Belgium is a European leader in recycling, one of the few nations to meet recycling targets set out by the EU. Other than household and commercial waste, Belgian recycling plants are now helping to reduce Europe’s dependence on foreign minerals.
Rare earth metals, commonly used in the production of high-tech goods, are desperately needed for the European economy. China has a monopoly on the supply of these metals, producing up to 97% of the world's supply.
In July, China placed export restrictions on gallium and germanium metals, which are indispensable for the production of advanced chips.
China accounts for about 80% of the global production of gallium, which is used in integrated circuits, LEDs and solar panels, among others. The country also dominates the production of germanium, which is used in the production of fibre-optic cables and infrared applications.
The European Commission is concerned that restrictions on exports of certain rare earth metals will impact EU supply chains, especially within the context of growing demand for these metals for the green transition. It wants to reduce dependence on third countries such as China to 65% for imports of 18 critical resources.
Rare metals from scrap
Belgian companies want to play a role in the transition away from reliance on rare earth metals imports. Even if Europe is not well-suited for the extraction of these precious metals, it can play a role in reducing imports, notably through recycling.
One factory in Liège is one of the very few places in Europe to process metallurgy-related waste and recover the valuable rare earth metals. Hydrometal has been extracting gallium and germanium from waste for nearly 20 years. However, this is no simple process.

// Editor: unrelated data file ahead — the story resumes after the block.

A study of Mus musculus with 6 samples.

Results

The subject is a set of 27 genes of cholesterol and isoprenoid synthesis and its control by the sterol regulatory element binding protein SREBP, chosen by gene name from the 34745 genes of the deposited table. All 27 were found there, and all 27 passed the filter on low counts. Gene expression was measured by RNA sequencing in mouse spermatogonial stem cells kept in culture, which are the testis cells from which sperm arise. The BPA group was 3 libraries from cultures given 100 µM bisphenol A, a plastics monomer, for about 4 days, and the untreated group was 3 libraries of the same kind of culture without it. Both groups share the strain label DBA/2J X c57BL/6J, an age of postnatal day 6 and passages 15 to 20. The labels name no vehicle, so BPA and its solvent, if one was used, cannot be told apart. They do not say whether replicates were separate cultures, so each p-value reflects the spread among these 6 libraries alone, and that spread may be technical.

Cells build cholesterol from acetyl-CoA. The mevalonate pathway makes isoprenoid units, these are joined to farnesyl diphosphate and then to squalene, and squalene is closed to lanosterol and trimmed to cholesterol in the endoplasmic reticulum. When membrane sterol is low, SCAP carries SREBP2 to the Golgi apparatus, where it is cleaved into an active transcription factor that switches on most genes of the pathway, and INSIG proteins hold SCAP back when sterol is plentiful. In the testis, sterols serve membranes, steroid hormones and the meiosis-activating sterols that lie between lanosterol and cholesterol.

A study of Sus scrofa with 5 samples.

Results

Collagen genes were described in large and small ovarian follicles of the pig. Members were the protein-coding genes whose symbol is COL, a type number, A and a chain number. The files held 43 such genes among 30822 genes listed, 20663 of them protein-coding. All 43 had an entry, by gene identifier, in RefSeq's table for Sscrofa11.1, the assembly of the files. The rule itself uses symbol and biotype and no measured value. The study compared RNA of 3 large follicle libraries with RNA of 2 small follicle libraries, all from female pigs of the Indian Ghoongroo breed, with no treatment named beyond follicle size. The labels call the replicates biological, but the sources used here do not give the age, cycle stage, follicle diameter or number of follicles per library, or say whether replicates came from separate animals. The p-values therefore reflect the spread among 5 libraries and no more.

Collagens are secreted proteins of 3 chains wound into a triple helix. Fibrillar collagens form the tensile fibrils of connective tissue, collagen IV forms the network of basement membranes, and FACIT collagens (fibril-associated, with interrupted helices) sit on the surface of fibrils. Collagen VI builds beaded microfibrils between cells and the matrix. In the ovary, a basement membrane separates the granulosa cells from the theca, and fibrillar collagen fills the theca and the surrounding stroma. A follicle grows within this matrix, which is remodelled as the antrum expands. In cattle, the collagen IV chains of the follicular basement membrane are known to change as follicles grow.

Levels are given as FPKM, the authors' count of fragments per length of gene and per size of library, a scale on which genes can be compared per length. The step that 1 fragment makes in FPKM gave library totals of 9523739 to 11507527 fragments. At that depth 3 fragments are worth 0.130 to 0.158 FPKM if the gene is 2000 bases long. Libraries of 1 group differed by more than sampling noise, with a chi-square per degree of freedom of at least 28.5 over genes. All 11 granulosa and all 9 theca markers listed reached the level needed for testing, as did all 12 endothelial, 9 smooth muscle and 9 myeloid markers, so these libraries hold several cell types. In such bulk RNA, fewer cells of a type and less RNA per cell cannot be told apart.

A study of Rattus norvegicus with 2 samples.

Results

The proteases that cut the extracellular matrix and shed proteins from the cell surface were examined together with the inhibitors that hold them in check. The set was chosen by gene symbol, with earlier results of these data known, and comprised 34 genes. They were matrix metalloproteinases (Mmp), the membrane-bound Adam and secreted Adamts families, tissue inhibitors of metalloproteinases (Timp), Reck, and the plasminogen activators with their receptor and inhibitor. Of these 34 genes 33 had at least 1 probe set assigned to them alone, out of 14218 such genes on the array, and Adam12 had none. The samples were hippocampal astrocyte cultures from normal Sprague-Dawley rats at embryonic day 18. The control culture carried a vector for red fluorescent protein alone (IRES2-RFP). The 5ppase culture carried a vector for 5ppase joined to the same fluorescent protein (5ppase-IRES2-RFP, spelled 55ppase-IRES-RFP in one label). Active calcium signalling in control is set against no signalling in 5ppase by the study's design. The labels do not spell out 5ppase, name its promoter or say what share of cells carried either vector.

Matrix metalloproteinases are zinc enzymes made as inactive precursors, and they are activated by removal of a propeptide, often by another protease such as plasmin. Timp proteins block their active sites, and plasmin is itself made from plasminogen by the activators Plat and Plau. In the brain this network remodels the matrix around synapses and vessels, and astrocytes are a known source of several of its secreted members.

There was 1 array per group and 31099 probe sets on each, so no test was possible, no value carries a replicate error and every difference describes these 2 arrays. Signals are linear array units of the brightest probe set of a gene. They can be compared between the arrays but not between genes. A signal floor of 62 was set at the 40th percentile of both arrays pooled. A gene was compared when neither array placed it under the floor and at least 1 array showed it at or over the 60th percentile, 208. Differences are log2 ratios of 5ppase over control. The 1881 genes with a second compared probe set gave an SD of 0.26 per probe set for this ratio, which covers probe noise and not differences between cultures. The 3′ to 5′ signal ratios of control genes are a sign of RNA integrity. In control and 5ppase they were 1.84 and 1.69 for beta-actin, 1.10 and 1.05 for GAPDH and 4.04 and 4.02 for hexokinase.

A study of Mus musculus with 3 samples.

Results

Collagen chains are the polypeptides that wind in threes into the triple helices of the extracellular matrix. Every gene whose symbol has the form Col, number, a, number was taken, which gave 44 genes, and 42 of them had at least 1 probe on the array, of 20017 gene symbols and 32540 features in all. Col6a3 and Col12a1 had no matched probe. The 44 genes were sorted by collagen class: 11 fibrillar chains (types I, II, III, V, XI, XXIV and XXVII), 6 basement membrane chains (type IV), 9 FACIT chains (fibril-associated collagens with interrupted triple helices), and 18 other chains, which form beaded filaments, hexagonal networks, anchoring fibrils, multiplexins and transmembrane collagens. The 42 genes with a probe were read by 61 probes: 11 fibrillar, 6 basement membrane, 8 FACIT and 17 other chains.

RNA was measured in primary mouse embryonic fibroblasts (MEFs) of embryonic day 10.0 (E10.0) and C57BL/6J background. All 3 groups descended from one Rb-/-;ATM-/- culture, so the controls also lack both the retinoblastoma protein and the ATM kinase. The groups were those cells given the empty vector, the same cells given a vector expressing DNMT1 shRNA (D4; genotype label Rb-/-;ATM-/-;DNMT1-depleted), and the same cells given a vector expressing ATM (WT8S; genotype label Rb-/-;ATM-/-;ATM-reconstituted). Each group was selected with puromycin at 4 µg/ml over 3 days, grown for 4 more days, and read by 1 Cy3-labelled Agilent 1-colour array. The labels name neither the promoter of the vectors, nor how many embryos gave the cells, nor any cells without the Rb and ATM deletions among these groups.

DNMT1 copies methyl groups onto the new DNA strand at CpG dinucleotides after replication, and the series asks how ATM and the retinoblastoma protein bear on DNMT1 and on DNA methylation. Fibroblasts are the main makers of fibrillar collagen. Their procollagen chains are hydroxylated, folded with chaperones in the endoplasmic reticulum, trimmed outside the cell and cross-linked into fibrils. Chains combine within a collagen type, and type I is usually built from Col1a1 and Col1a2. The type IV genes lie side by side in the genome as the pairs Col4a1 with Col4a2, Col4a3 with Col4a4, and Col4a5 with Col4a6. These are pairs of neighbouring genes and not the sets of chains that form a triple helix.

“It’s very precise, difficult to make profitable, very competitive, and you can’t find a lot of raw materials on the market. It really requires specific knowledge and specific chemistry. Our factory is the only one in Wallonia. Today, there are two actors in Belgium who can do it, and only two actors in Europe too,” Phillipe Henry, administrator of Hydrometal, told RTL Info.
Recent Chinese export restrictions have caused prices on the market to skyrocket. The current market price for gallium is $614 per kg, and $2,716 per kg for germanium. Faced with these rising prices, recycling has become a more profitable endeavour.
“We are contacted almost every day to be able to respond to these challenges. They will not be easy, because we have to remain competitive, answer also have to see if it can be maintained in the long-term,” Henry noted.
For now, Belgian companies are focused on the extraction of rare earth minerals from waste in the metallurgy industry. Granted, much of our tech and smartphones contain highly sought after rare earth metals, but these amounts are still too small to be profitable for major recycling companies.
The amounts contained in phones amount to just a few grams per tonne, and it is not currently viable to extract gallium, germanium, or indium from them, at least in Belgium.
While recycling plays an important role in reducing dependence on Chinese exports, Europe may soon switch to encouraging their extraction from European soil. Currently, no rare earth metals are mined in Europe.
- EU urgently needs to ramp up recycling and metal supply to reach climate goals
- Belgium starts recycling batteries and electrified vehicles
But new studies have revealed massive deposits of valuable rare earth metals, which could feasibly be extracted. In Sweden, mineral group LKAB discovered an untapped reserve of more than 10 million tonnes of oxides, the largest known deposit of its kind in Europe.
The EU will reflect on the possibility of the opening of new rare earth metal mines in Europe, but will likely still face resistance from locals due to environmental concerns. The largest potential extraction site for Europe is at Kvanefjeld in Greenland, but extraction has been prevented by indigenous groups and local residents.
The need to find new solutions is growing. Last year, European Commission President Ursula von der Leyen predicted that “Lithium and rare earth metals will soon be more important than oil and gas.”